Overview of attention for article published in Patient preference and adherence, April 2016

  • In the top 25% of all research outputs scored by Altmetric
  • Among the highest-scoring outputs from this source (#35 of 1,244)
  • High Attention Score compared to outputs of the same age (91st percentile)
  • High Attention Score compared to outputs of the same age and source (95th percentile)

Mentioned by

news
1 news outlet
policy
1 policy source
twitter
15 tweeters
facebook
2 Facebook pages

Citations

dimensions_citation
37 Dimensions

Readers on

mendeley
137 Mendeley
Title
Appointment reminder systems are effective but not optimal: results of a systematic review and evidence synthesis employing realist principles
Published in
Patient preference and adherence, April 2016
DOI 10.2147/ppa.s93046
Pubmed ID
Authors

Sionnadh McLean, Andrew Booth, Melanie Gee, Sarah Salway, Mark Cobb, Sadiq Bhanbhro, Susan Nancarrow

Abstract

Missed appointments are an avoidable cost and resource inefficiency which impact upon the health of the patient and treatment outcomes. Health care services are increasingly utilizing reminder systems to manage these negative effects. This study explores the effectiveness of reminder systems for promoting attendance, cancellations, and rescheduling of appointments across all health care settings and for particular patient groups and the contextual factors which indicate that reminders are being employed sub-optimally. We used three inter-related reviews of quantitative and qualitative evidence. Firstly, using pre-existing models and theories, we developed a conceptual framework to inform our understanding of the contexts and mechanisms which influence reminder effectiveness. Secondly, we performed a review following Centre for Reviews and Dissemination guidelines to investigate the effectiveness of different methods of reminding patients to attend health service appointments. Finally, to supplement the effectiveness information, we completed a review informed by realist principles to identify factors likely to influence non-attendance behaviors and the effectiveness of reminders. We found consistent evidence that all types of reminder systems are effective at improving appointment attendance across a range of health care settings and patient populations. Reminder systems may also increase cancellation and rescheduling of unwanted appointments. "Reminder plus", which provides additional information beyond the reminder function may be more effective than simple reminders (ie, date, time, place) at reducing non-attendance at appointments in particular circumstances. We identified six areas of inefficiency which indicate that reminder systems are being used sub-optimally. Unless otherwise indicated, all patients should receive a reminder to facilitate attendance at their health care appointment. The choice of reminder system should be tailored to the individual service. To optimize appointment and reminder systems, health care services need supportive administrative processes to enhance attendance, cancellation, rescheduling, and re-allocation of appointments to other patients.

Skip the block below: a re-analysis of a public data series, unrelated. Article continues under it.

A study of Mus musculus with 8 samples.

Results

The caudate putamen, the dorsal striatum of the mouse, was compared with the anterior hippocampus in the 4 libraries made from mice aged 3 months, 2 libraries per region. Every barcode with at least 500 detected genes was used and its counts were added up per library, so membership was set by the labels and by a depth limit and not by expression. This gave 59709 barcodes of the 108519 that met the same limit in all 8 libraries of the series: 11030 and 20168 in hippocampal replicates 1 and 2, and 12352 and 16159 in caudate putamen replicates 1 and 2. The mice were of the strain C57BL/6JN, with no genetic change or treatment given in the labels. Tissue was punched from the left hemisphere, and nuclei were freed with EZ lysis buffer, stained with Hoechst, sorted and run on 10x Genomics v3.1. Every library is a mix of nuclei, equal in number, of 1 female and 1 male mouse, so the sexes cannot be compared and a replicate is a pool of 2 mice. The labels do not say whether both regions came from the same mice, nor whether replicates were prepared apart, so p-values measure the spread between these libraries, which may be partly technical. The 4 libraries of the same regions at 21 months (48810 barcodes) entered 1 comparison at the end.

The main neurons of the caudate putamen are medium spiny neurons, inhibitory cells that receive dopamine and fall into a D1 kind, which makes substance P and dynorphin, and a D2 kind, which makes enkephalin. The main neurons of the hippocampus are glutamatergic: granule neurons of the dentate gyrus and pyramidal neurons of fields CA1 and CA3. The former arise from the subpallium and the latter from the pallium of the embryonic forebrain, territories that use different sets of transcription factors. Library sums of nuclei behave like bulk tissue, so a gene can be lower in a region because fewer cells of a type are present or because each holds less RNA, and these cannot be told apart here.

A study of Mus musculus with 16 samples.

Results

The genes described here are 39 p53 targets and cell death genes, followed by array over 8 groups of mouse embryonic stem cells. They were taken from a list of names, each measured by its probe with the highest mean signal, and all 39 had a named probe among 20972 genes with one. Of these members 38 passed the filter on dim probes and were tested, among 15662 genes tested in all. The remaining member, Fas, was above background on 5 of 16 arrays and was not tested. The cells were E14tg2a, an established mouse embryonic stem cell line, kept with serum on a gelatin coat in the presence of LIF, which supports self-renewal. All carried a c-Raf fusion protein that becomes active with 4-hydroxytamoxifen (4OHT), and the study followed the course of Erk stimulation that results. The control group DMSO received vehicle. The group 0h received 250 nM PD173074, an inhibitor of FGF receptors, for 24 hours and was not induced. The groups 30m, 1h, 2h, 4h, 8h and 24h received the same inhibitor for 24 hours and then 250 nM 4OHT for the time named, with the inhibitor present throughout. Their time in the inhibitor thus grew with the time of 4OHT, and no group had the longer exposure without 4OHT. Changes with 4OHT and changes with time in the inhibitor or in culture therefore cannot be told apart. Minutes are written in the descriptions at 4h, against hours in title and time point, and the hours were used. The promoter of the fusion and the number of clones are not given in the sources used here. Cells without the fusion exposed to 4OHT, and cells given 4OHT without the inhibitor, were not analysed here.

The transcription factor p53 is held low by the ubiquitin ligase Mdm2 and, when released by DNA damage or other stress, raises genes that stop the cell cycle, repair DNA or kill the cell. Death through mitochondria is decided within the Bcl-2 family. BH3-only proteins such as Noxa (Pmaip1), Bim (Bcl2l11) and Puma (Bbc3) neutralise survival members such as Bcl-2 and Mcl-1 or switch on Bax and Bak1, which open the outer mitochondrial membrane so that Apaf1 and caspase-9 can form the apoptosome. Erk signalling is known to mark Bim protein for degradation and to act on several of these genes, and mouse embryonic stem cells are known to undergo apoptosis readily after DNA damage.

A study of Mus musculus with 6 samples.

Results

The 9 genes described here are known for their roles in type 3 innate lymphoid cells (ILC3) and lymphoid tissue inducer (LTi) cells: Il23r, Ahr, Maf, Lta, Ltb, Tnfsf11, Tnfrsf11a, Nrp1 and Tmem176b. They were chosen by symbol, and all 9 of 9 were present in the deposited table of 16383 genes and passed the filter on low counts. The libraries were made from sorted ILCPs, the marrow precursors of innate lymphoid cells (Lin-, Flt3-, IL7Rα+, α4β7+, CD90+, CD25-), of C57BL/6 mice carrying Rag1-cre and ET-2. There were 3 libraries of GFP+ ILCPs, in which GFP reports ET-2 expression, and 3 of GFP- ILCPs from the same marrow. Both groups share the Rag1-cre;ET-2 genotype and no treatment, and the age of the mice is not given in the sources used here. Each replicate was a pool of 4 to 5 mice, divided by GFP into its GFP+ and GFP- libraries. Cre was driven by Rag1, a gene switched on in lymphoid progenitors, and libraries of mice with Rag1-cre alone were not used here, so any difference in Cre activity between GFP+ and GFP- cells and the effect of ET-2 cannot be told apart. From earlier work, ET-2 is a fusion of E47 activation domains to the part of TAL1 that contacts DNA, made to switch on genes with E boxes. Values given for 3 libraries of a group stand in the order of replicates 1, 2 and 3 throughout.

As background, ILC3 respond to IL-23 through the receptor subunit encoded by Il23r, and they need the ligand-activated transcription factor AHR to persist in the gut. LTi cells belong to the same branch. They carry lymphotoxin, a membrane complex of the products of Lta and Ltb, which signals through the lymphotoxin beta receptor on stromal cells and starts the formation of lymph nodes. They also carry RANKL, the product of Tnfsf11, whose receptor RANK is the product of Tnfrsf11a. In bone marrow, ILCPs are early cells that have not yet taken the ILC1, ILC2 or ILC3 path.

Twitter Demographics

The data shown below were collected from the profiles of 15 tweeters who shared this research output. Click here to find out more about how the information was compiled.

Mendeley readers

The data shown below were compiled from readership statistics for 137 Mendeley readers of this research output. Click here to see the associated Mendeley record.

Geographical breakdown

Country Count As %
United Kingdom 1 <1%
Unknown 136 99%

Demographic breakdown

Readers by professional status Count As %
Student > Master 37 27%
Researcher 21 15%
Student > Bachelor 15 11%
Student > Doctoral Student 14 10%
Student > Ph. D. Student 7 5%
Other 19 14%
Unknown 24 18%
Readers by discipline Count As %
Medicine and Dentistry 41 30%
Nursing and Health Professions 24 18%
Social Sciences 11 8%
Psychology 9 7%
Computer Science 7 5%
Other 17 12%
Unknown 28 20%

Attention Score in Context

This research output has an Altmetric Attention Score of 21. This is our high-level measure of the quality and quantity of online attention that it has received. This Attention Score, as well as the ranking and number of research outputs shown below, was calculated when the research output was last mentioned on 09 May 2019.
All research outputs
#995,314
of 15,937,237 outputs
Outputs from Patient preference and adherence
#35
of 1,244 outputs
Outputs of similar age
#23,776
of 266,476 outputs
Outputs of similar age from Patient preference and adherence
#3
of 64 outputs
Altmetric has tracked 15,937,237 research outputs across all sources so far. Compared to these this one has done particularly well and is in the 93rd percentile: it's in the top 10% of all research outputs ever tracked by Altmetric.
So far Altmetric has tracked 1,244 research outputs from this source. They typically receive a little more attention than average, with a mean Attention Score of 5.6. This one has done particularly well, scoring higher than 97% of its peers.
Older research outputs will score higher simply because they've had more time to accumulate mentions. To account for age we can compare this Altmetric Attention Score to the 266,476 tracked outputs that were published within six weeks on either side of this one in any source. This one has done particularly well, scoring higher than 91% of its contemporaries.
We're also able to compare this research output to 64 others from the same source and published within six weeks on either side of this one. This one has done particularly well, scoring higher than 95% of its contemporaries.